It’s Chesapeake Bay Awareness Week, and we’re talking trash. Pick-up, that is. Find out how Virginians have reimagined Clean the Bay Day during the pandemic. Discover 10 steps you can take today to help clean the Bay and find more ways to make your home Bay-friendly with our Backyard Report Card. Learn about the emerging issue of microplastic pollution and investigate the benefit of living shorelines. And if you’ve ever wondered what to call the aroma in the air after a summer rainstorm, find out as we wrap up our nature journaling series!
Uplifting and educational Bay stories, inspirational videos, and more to bring the Bay home to you and your loved ones.
Saving the Bay can seem like a huge task, but it begins with each of us taking action on the small things. Not sure where to start? Here are 10 simple steps—from buying local produce to scooping up dog poop—that will lead to cleaner water in our rivers, streams, and the Bay.
For the first time since its inception in 1989, Virginia’s Clean the Bay Day tradition, organized by CBF and local partners, was cancelled due to pandemic restrictions. That didn’t stop many dedicated Virginians and others across the watershed from doing their part to pick up litter this week.
Microplastics, tiny particles of plastic less than five millimeters long, are polluting oceans and waterways around the globe. In this webinar, Dr. Fred C. Dobbs, Chair of Old Dominion University's Department of Ocean, Earth & Atmospheric Sciences, joined us to discuss microplastics’ environmental impact, potential health concerns, and ways to reduce our world’s “plastic overload.”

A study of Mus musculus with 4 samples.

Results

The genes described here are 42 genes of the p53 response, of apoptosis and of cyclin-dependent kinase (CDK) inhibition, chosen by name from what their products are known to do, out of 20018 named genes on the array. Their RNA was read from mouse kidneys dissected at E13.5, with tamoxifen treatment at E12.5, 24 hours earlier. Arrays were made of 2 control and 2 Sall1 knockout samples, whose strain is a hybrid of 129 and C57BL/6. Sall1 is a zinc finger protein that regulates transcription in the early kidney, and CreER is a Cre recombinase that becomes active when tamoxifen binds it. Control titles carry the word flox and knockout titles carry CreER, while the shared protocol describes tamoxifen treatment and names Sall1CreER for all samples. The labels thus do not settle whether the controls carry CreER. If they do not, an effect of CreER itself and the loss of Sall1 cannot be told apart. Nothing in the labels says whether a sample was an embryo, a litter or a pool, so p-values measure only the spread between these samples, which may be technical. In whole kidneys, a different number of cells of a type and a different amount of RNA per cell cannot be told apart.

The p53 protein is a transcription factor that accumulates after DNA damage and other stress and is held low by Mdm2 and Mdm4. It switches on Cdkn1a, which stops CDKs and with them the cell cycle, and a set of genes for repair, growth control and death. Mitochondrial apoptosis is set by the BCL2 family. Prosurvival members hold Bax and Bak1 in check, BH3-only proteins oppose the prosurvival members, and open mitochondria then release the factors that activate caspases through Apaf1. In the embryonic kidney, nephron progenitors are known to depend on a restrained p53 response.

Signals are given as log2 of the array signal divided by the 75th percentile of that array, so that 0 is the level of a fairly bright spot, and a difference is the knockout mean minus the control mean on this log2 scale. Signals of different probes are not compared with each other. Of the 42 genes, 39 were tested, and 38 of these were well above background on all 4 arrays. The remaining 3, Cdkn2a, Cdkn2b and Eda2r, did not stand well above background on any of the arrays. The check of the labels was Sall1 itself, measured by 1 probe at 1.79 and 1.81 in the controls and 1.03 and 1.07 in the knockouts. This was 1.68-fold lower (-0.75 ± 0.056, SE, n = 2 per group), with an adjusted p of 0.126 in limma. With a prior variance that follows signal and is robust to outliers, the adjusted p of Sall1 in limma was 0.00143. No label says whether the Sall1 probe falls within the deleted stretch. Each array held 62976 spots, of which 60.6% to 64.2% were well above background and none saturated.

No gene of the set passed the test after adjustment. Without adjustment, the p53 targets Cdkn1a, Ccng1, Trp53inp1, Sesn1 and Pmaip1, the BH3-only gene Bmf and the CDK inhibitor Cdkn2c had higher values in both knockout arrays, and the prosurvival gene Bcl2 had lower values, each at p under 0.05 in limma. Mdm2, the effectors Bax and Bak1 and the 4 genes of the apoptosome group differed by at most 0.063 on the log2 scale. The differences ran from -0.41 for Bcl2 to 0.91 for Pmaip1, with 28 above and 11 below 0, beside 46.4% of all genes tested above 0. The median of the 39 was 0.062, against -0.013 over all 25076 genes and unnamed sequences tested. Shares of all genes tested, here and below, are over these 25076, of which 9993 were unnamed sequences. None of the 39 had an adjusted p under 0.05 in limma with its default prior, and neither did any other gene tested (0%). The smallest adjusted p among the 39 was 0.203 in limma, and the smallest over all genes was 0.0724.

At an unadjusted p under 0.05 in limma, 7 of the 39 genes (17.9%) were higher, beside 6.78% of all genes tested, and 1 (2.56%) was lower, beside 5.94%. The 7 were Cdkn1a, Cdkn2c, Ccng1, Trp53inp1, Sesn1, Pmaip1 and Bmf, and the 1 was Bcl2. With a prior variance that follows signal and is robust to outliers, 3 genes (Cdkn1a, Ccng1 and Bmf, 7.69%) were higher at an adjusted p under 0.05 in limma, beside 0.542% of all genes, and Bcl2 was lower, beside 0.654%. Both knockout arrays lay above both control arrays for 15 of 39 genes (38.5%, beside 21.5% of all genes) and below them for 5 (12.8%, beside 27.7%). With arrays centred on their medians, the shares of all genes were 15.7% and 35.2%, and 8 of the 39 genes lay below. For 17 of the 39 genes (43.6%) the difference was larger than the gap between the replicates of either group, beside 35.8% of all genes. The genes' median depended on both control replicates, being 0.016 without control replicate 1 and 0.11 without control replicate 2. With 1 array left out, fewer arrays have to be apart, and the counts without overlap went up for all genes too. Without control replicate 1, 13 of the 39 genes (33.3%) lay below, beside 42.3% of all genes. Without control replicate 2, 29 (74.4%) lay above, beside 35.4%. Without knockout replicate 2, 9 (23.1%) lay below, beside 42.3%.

Our new initiative to provide students, teachers, and parents with valuable, curriculum-based resources to connect with the Bay and its rivers while at home.
Clean water starts with each of us—in our homes, yards, neighborhoods, and communities. From turning off the faucet when we brush our teeth to mowing our lawns less frequently, every action matters. Follow along with our Backyard Report Card video and downloadable investigation to explore how you impact the Bay at home and what you can do to safeguard water quality.
With the long, warm summer days, the Bay is changing and the plant and animal species that favor the saltier, warmer water are becoming more active and abundant. We wrap up our nature journaling series this week with prompts that ask you to observe, wonder, go forth, and stay curious!
For many years, shorelines along the Chesapeake Bay were “armored” with bulkheads and artificial barriers to reduce erosion. But natural shorelines—braced by grasses, trees, and other vegetation—are an important defense against pollution. Join CBF educators Tiffany and Michael as they investigate how living shorelines not only reduce erosion but also help fight climate change.
What You Can Do
- Like dolphins? Who doesn’t! Join us Wednesday, June 17 for our next webinar, Dolphin Watch: Tracking Dolphins in the Bay where Amber Fandel, Research Analyst with the Chesapeake Biological Lab, will share when and where dolphins are being sighted in the Bay and how you can help track them.
- Test your Bay knowledge and watershed wordsmithing with our new crossword puzzle!
- Bring the Bay to your next Zoom meeting by downloading and using your favorite Bay image!
- Like what you see? Sign up to have this delivered right to your e-mail box as our weekly Save the Bay e-newsletter—a roundup of uplifting Bay stories, inspirational videos, helpful teaching resources, and much more.
- Help us continue to bring the Bay to you at home each week. Now through June 30, your gift to save the Bay will be worth double thanks to a generous matching gift from our friends at The Orokawa Foundation!